By: Cristina Santiago – Sophomore, pre-medicine/Spanish
I have come to realize that every person carries a story.
From the person that sits next to you in class to your next-door neighbor, we all have had certain experiences worth telling. Being a curious person, I have always wondered what people’s stories are.
Interestingly, the other day I met a girl whose story was definitely worth telling.
As I was working in Dr. Singh’s Lab here at UD, I had the opportunity to talk to Ankita Sarkar.
Sarkar, a native of India, is currently a biology lab teaching assistant. In India, she received a degree in engineering. Upon graduating, she became interested in learning more about genetics. This interest convinced her to pack her bags, travel to the other side of the world, and move to the wonderful city of Dayton.
Interestingly, her new adventure, and my interest in working in a laboratory, intertwined the common thread of our lives.
These events even granted us the opportunity to meet and converse with each other.
Last Friday, I had a deeper conversation with Sarkar. Conversation topics ranged from food, behaviors, dating and religion. Out of everything we talked about, I was very touched by Sarkar’s point of view on religion.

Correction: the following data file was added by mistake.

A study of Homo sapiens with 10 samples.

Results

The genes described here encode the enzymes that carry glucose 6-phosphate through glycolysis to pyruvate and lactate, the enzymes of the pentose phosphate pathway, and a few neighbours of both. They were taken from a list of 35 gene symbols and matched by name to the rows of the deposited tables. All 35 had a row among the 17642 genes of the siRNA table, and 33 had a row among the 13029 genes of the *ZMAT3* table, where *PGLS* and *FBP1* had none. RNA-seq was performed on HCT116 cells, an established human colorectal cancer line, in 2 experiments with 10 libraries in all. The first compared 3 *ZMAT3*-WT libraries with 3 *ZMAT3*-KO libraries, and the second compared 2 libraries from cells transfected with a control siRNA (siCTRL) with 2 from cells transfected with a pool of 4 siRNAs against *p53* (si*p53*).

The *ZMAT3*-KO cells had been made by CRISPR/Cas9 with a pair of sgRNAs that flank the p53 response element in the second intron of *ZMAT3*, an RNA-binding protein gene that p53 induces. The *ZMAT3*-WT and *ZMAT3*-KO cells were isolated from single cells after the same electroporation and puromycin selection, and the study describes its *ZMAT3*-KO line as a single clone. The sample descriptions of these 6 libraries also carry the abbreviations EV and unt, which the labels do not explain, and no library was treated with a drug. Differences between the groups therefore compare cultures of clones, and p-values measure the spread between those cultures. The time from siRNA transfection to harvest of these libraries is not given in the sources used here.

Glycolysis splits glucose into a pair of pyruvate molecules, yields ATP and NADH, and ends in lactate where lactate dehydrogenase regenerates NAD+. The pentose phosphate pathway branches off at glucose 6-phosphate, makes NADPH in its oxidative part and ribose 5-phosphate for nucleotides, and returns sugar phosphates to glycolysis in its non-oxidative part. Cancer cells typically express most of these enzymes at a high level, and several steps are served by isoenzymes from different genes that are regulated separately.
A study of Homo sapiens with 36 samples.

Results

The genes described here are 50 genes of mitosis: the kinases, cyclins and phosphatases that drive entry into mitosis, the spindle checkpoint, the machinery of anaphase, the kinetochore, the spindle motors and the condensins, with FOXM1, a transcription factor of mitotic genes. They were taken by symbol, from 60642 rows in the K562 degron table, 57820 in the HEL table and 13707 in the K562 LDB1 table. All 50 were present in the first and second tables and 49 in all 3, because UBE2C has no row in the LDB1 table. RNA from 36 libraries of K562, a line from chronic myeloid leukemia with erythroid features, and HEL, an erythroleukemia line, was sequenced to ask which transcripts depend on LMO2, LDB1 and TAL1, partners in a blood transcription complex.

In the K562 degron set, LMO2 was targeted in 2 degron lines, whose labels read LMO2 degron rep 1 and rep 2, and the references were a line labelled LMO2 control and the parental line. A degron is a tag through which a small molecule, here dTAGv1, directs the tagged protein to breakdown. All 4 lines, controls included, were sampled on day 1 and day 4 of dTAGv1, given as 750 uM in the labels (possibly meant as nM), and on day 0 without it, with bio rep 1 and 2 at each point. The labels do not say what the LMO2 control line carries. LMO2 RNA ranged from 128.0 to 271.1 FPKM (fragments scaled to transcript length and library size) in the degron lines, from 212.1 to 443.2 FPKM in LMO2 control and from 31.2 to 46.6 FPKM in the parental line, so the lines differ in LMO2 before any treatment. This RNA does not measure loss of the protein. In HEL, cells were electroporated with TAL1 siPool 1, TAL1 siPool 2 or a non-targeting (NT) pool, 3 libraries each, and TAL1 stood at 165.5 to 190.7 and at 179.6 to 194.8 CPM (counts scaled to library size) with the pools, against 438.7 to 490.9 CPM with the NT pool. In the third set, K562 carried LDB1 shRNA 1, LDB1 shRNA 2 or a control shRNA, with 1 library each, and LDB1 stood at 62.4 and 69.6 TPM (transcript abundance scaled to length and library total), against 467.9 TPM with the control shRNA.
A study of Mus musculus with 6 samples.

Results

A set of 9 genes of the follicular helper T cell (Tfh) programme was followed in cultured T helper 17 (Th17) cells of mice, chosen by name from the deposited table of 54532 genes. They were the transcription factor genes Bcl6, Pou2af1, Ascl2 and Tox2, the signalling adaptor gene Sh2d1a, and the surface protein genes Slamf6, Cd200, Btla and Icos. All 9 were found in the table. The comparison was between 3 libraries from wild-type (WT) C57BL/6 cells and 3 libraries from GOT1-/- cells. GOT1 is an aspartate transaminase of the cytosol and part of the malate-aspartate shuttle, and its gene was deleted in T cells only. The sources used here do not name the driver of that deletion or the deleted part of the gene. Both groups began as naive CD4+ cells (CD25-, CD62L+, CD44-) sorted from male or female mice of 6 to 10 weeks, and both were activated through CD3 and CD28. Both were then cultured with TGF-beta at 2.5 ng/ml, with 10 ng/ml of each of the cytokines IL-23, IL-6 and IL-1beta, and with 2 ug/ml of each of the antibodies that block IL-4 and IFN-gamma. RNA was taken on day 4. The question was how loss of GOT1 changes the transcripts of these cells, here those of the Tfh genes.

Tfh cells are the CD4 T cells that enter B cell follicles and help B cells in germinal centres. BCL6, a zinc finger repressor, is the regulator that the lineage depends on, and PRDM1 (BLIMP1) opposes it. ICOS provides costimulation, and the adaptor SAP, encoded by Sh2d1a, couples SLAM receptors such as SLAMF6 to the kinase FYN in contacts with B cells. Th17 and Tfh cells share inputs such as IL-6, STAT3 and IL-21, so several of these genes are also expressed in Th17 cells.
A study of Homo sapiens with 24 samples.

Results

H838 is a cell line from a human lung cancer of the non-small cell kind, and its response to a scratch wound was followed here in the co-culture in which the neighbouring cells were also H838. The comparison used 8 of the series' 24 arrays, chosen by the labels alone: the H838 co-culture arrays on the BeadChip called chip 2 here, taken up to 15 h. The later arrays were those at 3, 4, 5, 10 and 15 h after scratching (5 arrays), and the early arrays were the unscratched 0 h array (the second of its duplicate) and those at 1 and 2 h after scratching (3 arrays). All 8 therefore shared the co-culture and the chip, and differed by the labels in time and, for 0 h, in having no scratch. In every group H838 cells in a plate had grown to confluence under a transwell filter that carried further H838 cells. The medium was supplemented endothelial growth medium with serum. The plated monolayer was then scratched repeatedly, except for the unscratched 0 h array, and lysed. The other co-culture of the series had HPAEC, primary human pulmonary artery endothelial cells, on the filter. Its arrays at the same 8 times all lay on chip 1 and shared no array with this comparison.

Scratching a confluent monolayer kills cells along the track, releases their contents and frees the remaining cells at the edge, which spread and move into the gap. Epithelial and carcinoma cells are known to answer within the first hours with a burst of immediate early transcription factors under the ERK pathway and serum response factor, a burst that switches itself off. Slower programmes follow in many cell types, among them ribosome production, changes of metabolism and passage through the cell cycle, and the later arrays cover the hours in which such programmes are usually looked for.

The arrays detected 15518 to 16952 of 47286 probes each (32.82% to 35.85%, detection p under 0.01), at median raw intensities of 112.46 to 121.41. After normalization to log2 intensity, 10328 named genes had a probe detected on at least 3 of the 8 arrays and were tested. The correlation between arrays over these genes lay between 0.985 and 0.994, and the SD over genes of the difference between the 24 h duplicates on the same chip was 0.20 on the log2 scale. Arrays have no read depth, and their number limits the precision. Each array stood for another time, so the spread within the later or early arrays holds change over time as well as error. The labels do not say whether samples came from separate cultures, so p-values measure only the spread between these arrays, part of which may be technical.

Sarkar believes that we all believe in the same God, we just call him different names.
Not only did her comment impress me she stopped to show me a silver medallion that was hanging from her neck.
Casually speaking Sarkar said, “Mother Theresa gave it to me.”
Astounded, it literally took me more than a second to process what she had just said. I couldn’t believe it.
Sarkar laughed at the poker face I expressed. Afterwards I couldn’t help but to exclaim, “You met Mother Theresa?!”
Sarkar had met Mother Theresa when she was little. Her parents used to help out in the area that Mother Theresa worked.
Mother Theresa, wanting to find a way to thank them, approached Sarkar’s family and gave Ankita her medallion.
Sarkar admits that at that moment, she didn’t see why Mother Theresa was such a big deal. It was not until she grew older that she began to understand impact Mother Theresa had made in the world.
When we were about to finish our conversation, I told Sarkar that she was honestly one of the coolest people I have met on campus.
She smiled and said in a prayer-like manner: “Thank you, Mother Theresa, for making me cool.”